Being mindful


“The range of what we think and do is limited by what we fail to notice. And because we fail to notice that we fail to notice there is little we can do to change until we notice that how failing to notice shapes our thoughts and deeds.”

I came across this great quote recently (although I can’t remember where, so apologies for not crediting the author).  Mindfulness is a term that keeps popping up in discussions lately.  We’re busy with a research project on mine safety in collaboration with Deloitte, and it seems that being mindful or situationally aware is key when it comes to safety.

We’ve probably all experienced driving along a familiar route, say from your workplace to your home, and upon arrival not remembering the trip.  A feeling of “how’d I get here?”.  In mine safety similar “un-mindfull” events often cause accidents.  A worker’s mind is not on his work, he is worried about rumors about retrenchments, or thinking about his family miles away at home, and in a moment of not “being there” an accident occurs.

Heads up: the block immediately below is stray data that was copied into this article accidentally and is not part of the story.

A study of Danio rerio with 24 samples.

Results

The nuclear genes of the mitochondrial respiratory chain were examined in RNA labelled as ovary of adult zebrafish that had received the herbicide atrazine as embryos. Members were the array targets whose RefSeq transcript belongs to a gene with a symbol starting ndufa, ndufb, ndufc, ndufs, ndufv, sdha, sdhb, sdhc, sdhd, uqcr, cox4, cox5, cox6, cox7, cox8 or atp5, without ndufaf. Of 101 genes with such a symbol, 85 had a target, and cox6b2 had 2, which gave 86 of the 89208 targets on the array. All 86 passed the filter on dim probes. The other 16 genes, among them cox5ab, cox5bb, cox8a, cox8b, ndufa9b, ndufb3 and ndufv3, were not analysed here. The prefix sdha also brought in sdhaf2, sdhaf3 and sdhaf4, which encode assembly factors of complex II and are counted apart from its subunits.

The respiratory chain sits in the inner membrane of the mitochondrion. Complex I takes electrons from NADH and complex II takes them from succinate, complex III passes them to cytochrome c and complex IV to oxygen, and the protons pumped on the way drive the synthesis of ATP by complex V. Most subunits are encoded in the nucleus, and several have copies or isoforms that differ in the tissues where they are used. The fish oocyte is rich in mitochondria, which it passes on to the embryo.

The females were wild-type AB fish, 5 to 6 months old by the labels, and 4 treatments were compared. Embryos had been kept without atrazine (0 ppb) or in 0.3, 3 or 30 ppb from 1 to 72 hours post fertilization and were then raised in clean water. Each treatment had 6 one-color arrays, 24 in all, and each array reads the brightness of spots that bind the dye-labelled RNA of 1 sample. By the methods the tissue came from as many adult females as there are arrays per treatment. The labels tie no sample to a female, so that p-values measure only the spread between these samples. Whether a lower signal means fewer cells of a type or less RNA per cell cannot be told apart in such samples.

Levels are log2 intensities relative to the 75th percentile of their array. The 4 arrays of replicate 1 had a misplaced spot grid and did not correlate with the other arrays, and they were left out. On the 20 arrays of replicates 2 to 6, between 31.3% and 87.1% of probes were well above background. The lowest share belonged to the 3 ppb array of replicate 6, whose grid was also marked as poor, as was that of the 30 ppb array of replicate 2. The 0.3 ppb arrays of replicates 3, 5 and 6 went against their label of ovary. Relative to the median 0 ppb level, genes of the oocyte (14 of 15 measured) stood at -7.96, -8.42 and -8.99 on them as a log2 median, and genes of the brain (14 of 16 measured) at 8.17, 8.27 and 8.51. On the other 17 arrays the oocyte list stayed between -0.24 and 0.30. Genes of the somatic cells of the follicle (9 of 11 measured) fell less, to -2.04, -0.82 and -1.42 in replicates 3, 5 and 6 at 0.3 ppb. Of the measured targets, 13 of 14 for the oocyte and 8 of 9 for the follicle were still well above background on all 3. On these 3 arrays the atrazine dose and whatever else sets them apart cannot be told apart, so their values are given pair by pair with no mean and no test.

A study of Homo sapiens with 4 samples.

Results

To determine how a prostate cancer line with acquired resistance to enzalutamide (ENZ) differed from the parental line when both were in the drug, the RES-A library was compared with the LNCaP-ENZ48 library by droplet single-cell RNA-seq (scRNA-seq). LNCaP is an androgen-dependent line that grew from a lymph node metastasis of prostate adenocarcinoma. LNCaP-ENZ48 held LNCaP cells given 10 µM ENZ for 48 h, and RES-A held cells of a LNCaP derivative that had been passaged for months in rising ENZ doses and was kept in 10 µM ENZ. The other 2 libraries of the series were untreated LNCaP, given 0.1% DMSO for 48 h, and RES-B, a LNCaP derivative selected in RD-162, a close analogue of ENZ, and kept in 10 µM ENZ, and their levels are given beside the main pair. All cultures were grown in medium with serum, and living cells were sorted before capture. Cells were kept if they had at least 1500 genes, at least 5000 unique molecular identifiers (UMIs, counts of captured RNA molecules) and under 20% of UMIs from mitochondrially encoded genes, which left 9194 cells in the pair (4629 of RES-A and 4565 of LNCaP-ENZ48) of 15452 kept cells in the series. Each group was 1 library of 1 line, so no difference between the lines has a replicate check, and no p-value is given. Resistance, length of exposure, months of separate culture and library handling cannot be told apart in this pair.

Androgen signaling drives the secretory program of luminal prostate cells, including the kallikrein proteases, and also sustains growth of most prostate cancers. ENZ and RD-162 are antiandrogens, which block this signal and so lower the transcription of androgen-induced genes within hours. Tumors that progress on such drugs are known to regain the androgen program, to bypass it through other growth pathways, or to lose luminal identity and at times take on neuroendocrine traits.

In a discussion with Elmi yesterday, we also discussed the interesting notion that Knowledge Management is more about being mindful of knowledge as an integral part of business processes and, not necessarily an elaborate separate process.

So, now the question becomes: how do we become more mindful?   As the quote above states, if we fail to notice that we fail to notice, we can’t do anything about it.  This is a question we’ll be thinking about in the weeks to come as we continue with our research into safety mindsets.  Any comments insights from our readers are welcome.